Why Weekend Catch-Up Sleep is Not Good For Productivity
Most of us look forward to the weekend just so that we can pay off the week’s “sleep debt” with more napping hours over the weekend. But that’s not a good idea.
A new study by researchers at the University of Colorado-Boulder in the US suggests that even if we gain a few benefits from sleeping in on the weekends, our health still takes a hit, which, in turn, affects our performance at work the following week. “... ad libitum weekend recovery or catch-up sleep does not appear to be an effective countermeasure strategy to reverse sleep loss induced disruptions of metabolism,” says Kenneth Wright of the University of Colorado Boulder.
Take a Break
For adults, the ideal number of hours to promote optimal health and productivity is seven to eight hours every day. Insufficient sleep is not only a risk factor for metabolic disorders like diabetes and obesity but also hampers concentration and performance at work.
To find out whether catching up on weekends is a solution to chronic sleep loss during the week, researchers led by Christopher Depner and Wright enlisted healthy young adults. Each participant was randomly assigned to one of three groups. The first had plenty of time to sleep (9 hours) each night for nine days. The second, on the other hand, had just five hours to sleep each night over that same period. The third slept five hours for as many days followed by a weekend in which they slept as much as they liked before returning to another two days of restricted sleep.
In the two sleep-restricted groups, insufficient sleep led to an increase in snacking after dinner and weight gain. During ad libitum weekend recovery sleep in the third group, the participants slept an hour longer on average than they usually would. They also consumed fewer extra calories after dinner than those who got insufficient sleep, the researchers said.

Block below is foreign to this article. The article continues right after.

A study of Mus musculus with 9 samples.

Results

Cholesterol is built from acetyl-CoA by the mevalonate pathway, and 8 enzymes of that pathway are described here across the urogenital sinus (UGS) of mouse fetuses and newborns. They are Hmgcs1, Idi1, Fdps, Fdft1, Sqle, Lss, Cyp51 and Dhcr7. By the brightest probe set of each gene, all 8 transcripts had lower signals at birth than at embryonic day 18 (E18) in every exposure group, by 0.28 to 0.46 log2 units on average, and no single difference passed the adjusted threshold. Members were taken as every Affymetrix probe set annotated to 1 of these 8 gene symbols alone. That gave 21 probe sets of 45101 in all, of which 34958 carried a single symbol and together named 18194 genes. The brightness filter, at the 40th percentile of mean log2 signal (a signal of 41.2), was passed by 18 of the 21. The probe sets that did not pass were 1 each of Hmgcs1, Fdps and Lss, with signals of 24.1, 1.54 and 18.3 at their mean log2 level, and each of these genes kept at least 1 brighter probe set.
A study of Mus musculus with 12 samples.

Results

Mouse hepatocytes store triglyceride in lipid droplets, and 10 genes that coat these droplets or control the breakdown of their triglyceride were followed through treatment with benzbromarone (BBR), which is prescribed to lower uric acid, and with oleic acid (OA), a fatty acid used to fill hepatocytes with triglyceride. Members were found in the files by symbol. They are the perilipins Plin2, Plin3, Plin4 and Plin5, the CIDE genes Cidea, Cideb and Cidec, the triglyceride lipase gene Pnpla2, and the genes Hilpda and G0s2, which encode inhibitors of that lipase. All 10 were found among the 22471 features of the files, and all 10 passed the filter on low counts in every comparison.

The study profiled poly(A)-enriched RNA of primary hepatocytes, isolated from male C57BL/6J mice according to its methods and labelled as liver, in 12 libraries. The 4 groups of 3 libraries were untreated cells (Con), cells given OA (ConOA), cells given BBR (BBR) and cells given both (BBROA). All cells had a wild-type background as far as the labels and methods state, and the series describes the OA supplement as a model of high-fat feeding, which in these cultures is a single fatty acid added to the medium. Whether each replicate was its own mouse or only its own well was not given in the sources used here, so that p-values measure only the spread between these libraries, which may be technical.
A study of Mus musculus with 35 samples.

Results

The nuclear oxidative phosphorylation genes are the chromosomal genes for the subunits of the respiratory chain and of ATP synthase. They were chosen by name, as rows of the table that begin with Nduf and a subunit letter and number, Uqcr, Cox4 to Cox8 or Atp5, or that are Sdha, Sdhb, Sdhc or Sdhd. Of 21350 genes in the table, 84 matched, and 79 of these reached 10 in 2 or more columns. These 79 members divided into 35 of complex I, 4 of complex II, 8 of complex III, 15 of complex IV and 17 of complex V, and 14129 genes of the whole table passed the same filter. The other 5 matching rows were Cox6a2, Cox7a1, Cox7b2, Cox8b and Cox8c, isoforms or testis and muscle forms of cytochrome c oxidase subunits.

However, when they returned to getting insufficient sleep after the weekend, their circadian body clock was timed later. They also ate more after dinner as their weight continued to rise.
The sleep restriction in the first group of participants was associated with a decrease in insulin sensitivity of about 13 per cent, says the study, which was published in the Current Biology journal. But the group that had a chance to sleep more on the weekend still showed less sensitivity to insulin. The insulin sensitivity of their whole bodies, liver, and muscle decreased by 9 to 27 per cent after they got insufficient sleep again, once the weekend was over, the researchers say.
"Our findings show that muscle- and liver-specific insulin sensitivity were worse in subjects who had weekend recovery sleep," Depner says, noting that those metabolic aberrations weren't seen in the people who got less sleep all along. “This finding was not anticipated and further shows that weekend recovery sleep is not likely (to be) an effective sleep-loss countermeasure regarding metabolic health when sleep loss is chronic.”
Instead of spending long hours in the bed during the weekend, try indulging in extracurricular or recreational activities. Become an active member of a volunteer organization, or even a recreational club, or learn a new language, paint, dance or engage in some sports activity.
Such indulgence sharpens your creative side, refreshes you, helps beat stress and offers you an opportunity to meet new people and gain a new perspective—all of which can be useful in keeping you happy and engaged in and outside the workplace.